Americans talk, surf more than Europeans on cells (Update)

May 29, 2013 by Peter Svensson

Americans pay more for their cell service than Europeans, but they're getting a lot more use out of their phones, a global wireless trade group said Wednesday.

The GSM Association urged European regulators to take cues from the U.S. It pointed out that U.S. consumers talk five times as much as Europeans on their cellphones and use twice as much data. AT&T and Verizon Wireless also have the lead in introducing the latest network technology, which means average data downloads are 75 percent faster in the U.S., the group found.

Europe led the world in wireless technology a decade ago, pioneering the shift from analog phone networks to digital ones. But the continent has lagged behind as cellphones have become data devices, the GSMA said.

The trade group said European carriers are lagging because they're smaller, meaning they can't capture savings from efficiency the way U.S. carriers can. It's urging regulators to make it easier to build cross-border businesses. In the U.S., the allocation of space on the airwaves is controlled by the federal government, but each of the 27 EU countries controls its own radio spectrum, making it difficult to coordinate the use of radio frequencies across borders.

The four largest U.S. wireless carriers—Verizon, AT&T, Sprint and T-Mobile USA—are each larger than the largest European carrier.

Americans paid an average of $69 per month last year for cellphone service, compared with $38 in the European Union, the study found. For their monthly fees, Americans got 901 minutes of calls and 480 megabytes of data traffic, compared with Europeans' 170 minutes of calls and 273 megabytes of data.

The continents are diverging further, the study found. Although increased use of data-intensive devices such as tablets is encouraging Americans to pay more and consume more, Europeans are scrimping, cutting their monthly rates. The higher monthly fees in the U.S. encourage investment in networks, pushing data speeds higher, the study found.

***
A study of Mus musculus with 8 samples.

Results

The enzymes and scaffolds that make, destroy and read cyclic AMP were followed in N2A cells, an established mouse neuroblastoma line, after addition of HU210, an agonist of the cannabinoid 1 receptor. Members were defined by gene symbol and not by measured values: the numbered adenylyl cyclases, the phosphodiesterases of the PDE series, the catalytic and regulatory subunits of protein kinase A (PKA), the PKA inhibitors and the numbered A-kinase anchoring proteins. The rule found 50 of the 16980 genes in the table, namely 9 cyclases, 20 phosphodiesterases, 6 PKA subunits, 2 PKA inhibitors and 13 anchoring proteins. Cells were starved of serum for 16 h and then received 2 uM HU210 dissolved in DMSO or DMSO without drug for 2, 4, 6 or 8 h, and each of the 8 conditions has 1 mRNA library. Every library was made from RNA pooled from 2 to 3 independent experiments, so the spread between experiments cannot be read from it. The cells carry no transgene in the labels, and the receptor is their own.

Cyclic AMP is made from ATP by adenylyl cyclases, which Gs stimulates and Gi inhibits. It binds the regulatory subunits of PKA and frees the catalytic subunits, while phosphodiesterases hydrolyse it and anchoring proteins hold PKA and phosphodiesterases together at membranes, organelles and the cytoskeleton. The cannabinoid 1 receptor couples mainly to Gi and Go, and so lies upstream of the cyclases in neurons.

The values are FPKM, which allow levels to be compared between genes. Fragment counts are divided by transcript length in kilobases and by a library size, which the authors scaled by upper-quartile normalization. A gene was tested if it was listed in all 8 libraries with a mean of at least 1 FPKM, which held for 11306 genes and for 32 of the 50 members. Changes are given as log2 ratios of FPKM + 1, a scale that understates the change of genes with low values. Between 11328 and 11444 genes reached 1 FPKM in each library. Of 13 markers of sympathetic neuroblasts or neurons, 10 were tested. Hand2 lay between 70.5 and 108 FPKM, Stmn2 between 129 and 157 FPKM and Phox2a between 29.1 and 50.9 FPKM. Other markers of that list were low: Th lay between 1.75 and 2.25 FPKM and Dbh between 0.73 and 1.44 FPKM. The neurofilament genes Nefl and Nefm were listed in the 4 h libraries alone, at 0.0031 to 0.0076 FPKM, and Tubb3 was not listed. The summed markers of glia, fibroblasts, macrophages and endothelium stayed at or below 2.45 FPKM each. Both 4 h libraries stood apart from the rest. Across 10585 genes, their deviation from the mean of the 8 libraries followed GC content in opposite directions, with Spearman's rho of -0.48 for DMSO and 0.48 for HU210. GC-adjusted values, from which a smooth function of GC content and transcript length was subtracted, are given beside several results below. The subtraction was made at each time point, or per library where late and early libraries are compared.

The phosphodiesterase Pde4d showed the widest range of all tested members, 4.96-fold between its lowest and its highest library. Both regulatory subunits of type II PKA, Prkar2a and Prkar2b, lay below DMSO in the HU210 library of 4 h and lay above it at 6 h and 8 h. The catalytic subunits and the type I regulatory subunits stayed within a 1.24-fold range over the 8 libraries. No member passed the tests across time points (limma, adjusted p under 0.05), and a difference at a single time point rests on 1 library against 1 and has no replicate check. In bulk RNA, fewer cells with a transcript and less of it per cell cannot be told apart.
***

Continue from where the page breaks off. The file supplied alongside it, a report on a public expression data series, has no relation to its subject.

Explore further: Feds get closer look at fake mobile bill charges

not rated yet
add to favorites email to friend print save as pdf

Related Stories

Telecom CEOs: US regulators better than Europe (Update 2)

Feb 25, 2013

(AP)—The CEOs of AT&T, Vodafone and Telefonica—three of the world's largest cellphone companies—had some rare words of praise for U.S. regulators Monday, saying they're doing better than their European counterparts ...

US stolen phone database in operation

Nov 01, 2012

US mobile carriers began implementing a system this week to block the use of stolen mobile phones, part of an effort to curb rising thefts of smartphones such as the iPhone.

Feds get closer look at fake mobile bill charges

May 08, 2013

(AP)—When a mysterious, unauthorized fee appears on your cellphone bill, it's called "cramming" and consumer advocates and regulators worry it's emerging as a significant problem as people increasingly ditch their landlines ...

T-Mobile USA to make data network work with iPhone

Feb 23, 2012

(AP) -- T-Mobile USA on Thursday said it will revamp its wireless data network this year, with the side effect of making it compatible with iPhones and some other smartphones sold by competing carriers.

Verizon rakes in wireless fees in 1Q

Apr 18, 2013

Verizon says its profit rose 16 percent in the latest quarter as revenue from wireless service kept rising at a rate that's the envy of the industry.

Recommended for you

Hand out money with my mobile? I think I'm ready

Apr 17, 2014

A service is soon to launch in the UK that will enable us to transfer money to other people using just their name and mobile number. Paym is being hailed as a revolution in banking because you can pay peopl ...

Quantenna promises 10-gigabit Wi-Fi by next year

Apr 16, 2014

(Phys.org) —Quantenna Communications has announced that it has plans for releasing a chipset that will be capable of delivering 10Gbps WiFi to/from routers, bridges and computers by sometime next year. ...

Tech giants look to skies to spread Internet

Apr 16, 2014

The shortest path to the Internet for some remote corners of the world may be through the skies. That is the message from US tech giants seeking to spread the online gospel to hard-to-reach regions.

Wireless industry makes anti-theft commitment

Apr 16, 2014

A trade group for wireless providers said Tuesday that the biggest mobile device manufacturers and carriers will soon put anti-theft tools on the gadgets to try to deter rampant smartphone theft.

Dish Network denies wrongdoing in $2M settlement

Apr 15, 2014

The state attorney general's office says Dish Network Corp. will reimburse Washington state customers about $2 million for what it calls a deceptive surcharge, but the satellite TV provider denies any wrongdoing.

User comments : 1

Adjust slider to filter visible comments by rank

Display comments: newest first

gwrede
not rated yet May 29, 2013
Except that in many European countries you buy your phone and only then join a provider.

More news stories

Making graphene in your kitchen

Graphene has been touted as a wonder material—the world's thinnest substance, but super-strong. Now scientists say it is so easy to make you could produce some in your kitchen.